Francesco Sparanero in Italy, 1941, Franco Nero became an actor only by
accident when doing a two year national service with future Oscar
winning cinematographer Vittorio Storaro (Apocalypse Now - 1979).
But he left acting school in disgust at their methods and managed
to get somes small roles in several now forgotten Italian films.
Everything changed in late 1965 when Nero was cast in the titular role of Sergio Corbucci's Django
(1966), a dark and gritty film that was to define a decade of Spaghetti Westerns and would
stick with Nero for the rest of his career, in quick sucession he starred in Lucio Fulci's Massacre Time (1966) and Ferdinando Baldi's Texas Addio (1966). That same year also saw Franco Nero
noticed by Hollywood, and while on still photography duties on the Italian
lensed John Huston film The Bible
(1966), Nero was hired to play the role of Able, opposite
Richard Harris' Cain, and was soon followed by the key role of Lancelot in
the lavish musical Camelot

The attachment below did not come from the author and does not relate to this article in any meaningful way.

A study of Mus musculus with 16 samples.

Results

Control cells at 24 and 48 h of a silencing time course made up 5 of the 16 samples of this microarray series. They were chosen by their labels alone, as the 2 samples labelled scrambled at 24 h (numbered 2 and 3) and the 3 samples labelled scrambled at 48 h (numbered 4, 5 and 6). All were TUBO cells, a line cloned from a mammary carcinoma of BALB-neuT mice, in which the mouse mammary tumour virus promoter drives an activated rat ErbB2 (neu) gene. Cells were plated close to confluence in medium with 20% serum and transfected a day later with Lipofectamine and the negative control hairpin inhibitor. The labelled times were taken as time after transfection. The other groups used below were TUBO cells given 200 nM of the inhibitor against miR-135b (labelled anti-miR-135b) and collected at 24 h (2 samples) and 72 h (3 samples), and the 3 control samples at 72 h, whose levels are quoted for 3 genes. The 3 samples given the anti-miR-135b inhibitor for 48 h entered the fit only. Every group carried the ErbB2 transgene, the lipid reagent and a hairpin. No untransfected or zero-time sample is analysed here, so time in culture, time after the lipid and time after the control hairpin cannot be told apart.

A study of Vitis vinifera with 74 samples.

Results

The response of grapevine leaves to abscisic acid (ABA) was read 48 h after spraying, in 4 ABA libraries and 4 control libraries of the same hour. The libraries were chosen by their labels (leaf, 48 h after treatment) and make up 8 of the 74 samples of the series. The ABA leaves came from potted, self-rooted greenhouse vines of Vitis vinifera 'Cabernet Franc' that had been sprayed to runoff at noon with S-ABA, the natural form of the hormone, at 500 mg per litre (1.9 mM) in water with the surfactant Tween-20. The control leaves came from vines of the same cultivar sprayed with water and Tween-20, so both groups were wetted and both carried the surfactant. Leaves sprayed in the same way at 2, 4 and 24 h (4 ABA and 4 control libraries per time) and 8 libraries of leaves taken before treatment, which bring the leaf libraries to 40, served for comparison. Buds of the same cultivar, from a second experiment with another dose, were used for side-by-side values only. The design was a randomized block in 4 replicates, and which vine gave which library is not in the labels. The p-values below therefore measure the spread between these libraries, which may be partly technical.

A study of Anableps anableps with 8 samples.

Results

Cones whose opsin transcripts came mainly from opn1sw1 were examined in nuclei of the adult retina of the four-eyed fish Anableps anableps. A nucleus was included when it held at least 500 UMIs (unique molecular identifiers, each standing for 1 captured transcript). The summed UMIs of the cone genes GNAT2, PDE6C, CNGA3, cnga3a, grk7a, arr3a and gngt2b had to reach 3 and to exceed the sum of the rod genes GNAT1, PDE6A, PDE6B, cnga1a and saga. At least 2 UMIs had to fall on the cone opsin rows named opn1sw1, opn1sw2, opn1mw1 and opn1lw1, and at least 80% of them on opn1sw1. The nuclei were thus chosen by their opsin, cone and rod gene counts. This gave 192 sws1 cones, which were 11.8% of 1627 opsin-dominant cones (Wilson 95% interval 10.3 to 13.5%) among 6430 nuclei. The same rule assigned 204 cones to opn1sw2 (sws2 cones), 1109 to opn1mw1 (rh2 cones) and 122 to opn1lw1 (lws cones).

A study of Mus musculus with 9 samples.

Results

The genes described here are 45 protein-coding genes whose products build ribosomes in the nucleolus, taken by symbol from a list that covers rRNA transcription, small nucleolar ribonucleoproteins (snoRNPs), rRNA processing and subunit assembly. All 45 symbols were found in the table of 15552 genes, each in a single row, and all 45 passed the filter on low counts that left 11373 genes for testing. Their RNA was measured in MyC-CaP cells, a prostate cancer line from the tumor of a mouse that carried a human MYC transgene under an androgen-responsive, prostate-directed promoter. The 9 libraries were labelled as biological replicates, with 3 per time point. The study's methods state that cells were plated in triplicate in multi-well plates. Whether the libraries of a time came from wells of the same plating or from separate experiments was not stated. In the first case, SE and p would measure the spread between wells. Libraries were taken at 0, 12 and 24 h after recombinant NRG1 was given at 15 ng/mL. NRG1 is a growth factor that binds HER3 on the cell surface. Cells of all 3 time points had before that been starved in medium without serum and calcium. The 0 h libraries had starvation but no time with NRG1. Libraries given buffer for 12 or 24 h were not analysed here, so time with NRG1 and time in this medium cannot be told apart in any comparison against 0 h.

(1967), where he met his future partner Vanessa Redgrave. However, with the boom of the Italian film industry at the time,
Nero was irresistably drawn back to Europe and went on to appear in over 35
films in just 8 years, with lead roles in productions by some of the best
directors of the period. Sergio Corbucci, who brought him to fame, cast
him in Spaghetti Westerns The Mercenary (1968) and Companeros(1970), Lucio Fulci cast him in a rare family-friendly film White Fang (1973) and the sequel, while infamous left wing director Damiano Damiani cast Nero in the political thrillers How to Kill a Judge (1974) and Confessions of a Police Captain
(1971), but it was Enzo G. Castellari who proved the biggest Nero fan,
giving him lead roles in 7 productions, including the action thriller Street Law (1973) and last-gasp Spaghetti Western Keoma (1976).
the reduction of Italian cult-cinema in the late 1970s, Nero continued
to work strong, appearing in a wide range of titles including World War
2 actioner Force 10 from Navarone (1978), political thriller The Salamander (1981) and in his most well known role, playing Gen. Ramon Esperanza in Die Hard 2 (1990). He later teamed up again with Enzo G. Castellari to film a tribute to the euro-westerns - Jonathan degli orsi (1993).
In between recording interviews for DVD companies, he has continued to
work in Italian film and television with roles in a very wide range of
productions, many with a historical theme, such as Crusaders (2001 mini-series) and The Uncrowned Heart(2003 - TV).
over 150 films to his credit, Franco Nero is one of the big names in
Euro-cult cinema, although like many actors from the period, he is
likely to be best remembered for his one big Hollywood role, that of Die Hard 2.